Two days after playing down concerns over his fitness, Tiger Woods was forced to withdraw from The Northern Trust ahead of his second round at Liberty National.
Woods struggled to an opening four-over-par 75 on Thursday after restricting himself to chipping and putting on the back nine of Wednesday’s pro-am due to stiffness in his back.
In a statement released on Friday, the Masters champion wrote: “Due to a mild oblique strain that led to pain and stiffness, I have to withdraw from The Northern Trust.
“I went for treatment early Friday morning but unfortunately I’m still unable to compete. I’d like to thank the New Jersey and New York fans for their support and remain hopeful I can compete next week at the BMW Championship.”
Speaking on Wednesday, Woods said he felt it was the “smart” approach not to hit full shots during the second half of the 18-hole pro-am, adding: “This is kind of how it is. Some days I’m stiffer than others.”
The 43-year-old has played just 13 tournament rounds since winning his 15th major title at Augusta National in April, two years after he underwent career-saving spinal fusion surgery.
Woods followed a missed cut in the US PGA Championship with a top-10 finish in the Memorial Tournament and a tie for 21st in the US Open, but then took a month off before missing the cut in the Open Championship.
Speaking at Royal Portrush, Woods admitted he had little choice but to play a limited schedule.
“Getting myself into position to win the Masters, it took a lot out of me,” said Woods, who has had four knee operations and four back surgeries during his illustrious career.
Alfred Dunhill Championship R1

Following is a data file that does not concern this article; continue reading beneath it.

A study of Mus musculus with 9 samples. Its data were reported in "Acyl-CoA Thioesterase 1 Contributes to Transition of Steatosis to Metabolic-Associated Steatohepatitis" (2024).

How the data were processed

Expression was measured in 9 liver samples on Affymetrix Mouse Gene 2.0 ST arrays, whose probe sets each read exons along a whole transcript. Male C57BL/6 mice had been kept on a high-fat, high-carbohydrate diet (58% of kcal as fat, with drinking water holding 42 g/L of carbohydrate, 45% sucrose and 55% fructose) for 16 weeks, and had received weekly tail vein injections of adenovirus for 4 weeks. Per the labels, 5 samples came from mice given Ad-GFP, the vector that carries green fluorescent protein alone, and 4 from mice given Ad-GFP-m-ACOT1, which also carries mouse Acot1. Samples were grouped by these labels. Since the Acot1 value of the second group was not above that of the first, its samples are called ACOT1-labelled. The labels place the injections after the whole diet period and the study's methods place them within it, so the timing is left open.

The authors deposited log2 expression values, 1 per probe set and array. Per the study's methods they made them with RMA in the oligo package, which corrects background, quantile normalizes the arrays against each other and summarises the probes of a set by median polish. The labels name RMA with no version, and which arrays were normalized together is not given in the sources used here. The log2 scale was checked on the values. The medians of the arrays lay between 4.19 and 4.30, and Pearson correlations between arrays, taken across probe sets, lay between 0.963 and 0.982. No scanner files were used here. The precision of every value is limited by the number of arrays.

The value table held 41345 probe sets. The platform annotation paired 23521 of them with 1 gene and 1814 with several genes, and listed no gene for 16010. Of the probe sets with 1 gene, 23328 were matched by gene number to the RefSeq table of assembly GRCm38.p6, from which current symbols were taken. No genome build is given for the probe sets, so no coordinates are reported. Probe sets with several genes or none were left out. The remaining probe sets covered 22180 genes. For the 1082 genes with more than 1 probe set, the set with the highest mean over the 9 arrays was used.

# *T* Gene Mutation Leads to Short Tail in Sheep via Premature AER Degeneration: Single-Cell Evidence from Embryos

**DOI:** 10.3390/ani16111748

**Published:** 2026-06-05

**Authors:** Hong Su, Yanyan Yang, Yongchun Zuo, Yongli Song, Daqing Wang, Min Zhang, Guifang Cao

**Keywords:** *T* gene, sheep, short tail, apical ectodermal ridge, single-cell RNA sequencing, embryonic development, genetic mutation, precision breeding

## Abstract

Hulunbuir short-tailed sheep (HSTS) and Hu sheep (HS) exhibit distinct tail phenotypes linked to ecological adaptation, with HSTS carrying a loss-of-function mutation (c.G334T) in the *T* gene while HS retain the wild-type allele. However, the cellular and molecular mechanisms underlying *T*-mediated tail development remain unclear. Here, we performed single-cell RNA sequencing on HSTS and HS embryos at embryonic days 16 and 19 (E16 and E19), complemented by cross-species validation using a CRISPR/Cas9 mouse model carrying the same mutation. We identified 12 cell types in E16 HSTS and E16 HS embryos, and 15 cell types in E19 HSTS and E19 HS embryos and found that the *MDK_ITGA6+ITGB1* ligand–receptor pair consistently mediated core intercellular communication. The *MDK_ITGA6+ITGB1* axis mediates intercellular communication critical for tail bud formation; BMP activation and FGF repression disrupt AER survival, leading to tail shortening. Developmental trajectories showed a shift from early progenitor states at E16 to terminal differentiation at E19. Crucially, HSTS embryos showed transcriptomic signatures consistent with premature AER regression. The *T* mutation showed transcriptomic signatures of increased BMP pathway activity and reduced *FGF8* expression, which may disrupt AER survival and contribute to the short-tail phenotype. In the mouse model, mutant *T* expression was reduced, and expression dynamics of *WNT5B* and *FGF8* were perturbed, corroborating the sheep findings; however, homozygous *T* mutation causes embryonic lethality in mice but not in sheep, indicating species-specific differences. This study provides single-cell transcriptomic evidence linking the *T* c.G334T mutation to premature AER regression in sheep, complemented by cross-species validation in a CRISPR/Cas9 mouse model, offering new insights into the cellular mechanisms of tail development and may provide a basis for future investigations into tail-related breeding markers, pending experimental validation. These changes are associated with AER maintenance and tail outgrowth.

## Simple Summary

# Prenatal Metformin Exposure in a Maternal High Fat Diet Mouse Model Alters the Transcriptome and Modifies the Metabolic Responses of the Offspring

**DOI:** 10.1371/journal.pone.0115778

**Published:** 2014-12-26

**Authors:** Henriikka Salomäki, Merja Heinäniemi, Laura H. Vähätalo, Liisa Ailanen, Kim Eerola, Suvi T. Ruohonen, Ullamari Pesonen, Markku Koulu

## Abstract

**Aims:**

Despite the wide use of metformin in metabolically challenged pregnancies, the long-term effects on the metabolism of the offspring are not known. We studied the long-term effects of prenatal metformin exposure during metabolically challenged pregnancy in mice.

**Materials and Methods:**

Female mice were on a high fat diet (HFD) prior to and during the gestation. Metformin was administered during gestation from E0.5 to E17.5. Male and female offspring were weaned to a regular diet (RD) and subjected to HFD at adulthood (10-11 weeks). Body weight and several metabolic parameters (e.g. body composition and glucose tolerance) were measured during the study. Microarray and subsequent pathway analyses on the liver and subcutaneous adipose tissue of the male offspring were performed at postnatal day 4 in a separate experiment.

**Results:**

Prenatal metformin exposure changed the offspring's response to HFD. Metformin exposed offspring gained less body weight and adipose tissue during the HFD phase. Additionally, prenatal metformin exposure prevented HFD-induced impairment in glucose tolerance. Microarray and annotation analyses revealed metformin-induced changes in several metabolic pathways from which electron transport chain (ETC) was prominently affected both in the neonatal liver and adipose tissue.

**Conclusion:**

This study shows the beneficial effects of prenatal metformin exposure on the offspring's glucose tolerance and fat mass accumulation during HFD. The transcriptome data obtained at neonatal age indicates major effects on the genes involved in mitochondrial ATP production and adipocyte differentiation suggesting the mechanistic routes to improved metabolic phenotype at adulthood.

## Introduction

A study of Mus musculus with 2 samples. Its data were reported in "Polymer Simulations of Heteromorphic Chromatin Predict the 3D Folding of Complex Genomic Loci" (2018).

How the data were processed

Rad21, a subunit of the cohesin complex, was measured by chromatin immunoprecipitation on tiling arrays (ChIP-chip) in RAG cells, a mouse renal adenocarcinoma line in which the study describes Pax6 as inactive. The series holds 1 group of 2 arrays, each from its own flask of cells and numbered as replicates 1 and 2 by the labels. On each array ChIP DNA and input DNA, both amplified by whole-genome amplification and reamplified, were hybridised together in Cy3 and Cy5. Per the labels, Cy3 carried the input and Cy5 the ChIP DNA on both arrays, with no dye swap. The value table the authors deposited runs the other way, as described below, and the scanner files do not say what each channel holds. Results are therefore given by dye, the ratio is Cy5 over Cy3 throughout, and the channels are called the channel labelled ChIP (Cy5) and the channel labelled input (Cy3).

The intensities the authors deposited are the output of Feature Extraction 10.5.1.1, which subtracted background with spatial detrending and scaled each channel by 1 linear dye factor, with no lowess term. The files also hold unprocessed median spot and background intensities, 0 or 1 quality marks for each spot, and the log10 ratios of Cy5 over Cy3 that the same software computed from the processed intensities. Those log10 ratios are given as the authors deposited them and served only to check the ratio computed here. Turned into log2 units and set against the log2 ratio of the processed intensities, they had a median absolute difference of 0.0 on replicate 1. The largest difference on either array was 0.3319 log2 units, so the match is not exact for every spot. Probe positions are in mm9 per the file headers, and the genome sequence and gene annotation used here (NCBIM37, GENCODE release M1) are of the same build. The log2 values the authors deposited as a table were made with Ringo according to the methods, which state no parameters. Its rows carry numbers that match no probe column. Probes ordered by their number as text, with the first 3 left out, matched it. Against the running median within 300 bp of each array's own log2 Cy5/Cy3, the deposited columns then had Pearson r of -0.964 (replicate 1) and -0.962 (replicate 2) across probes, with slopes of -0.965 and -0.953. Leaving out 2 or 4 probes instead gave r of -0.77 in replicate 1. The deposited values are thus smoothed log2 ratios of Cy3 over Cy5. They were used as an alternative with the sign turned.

“I want to play here as long as I possibly can and you have to understand if I play a lot, I won’t be out here that long.”
Woods is projected to fall from 28th in the FedEx Cup standings to 34th and would therefore need a good performance in the BMW Championship, if he is fit enough to play, to climb back inside the top 30 and qualify for the Tour Championship.
The former world number one is the defending champion in Atlanta after beating Billy Horschel by two shots at East Lake for his first victory since 2013.
Woods flew straight from Atlanta to Paris for the Ryder Cup but looked fatigued and failed to win a single point as the United States were easily beaten by Europe at Le Golf National.
He returned to action in the Hero World Challenge in December and enjoyed a consistent start to 2019 before his emotional Masters triumph, 11 years after his last major title in the 2008 US Open.
Friday’s withdrawal will inevitably prompt speculation that the Masters represented the last hurrah of a remarkable career, but Woods will be determined to prove the doubters wrong once more and resume his pursuit of Jack Nicklaus’ record of 18 major titles.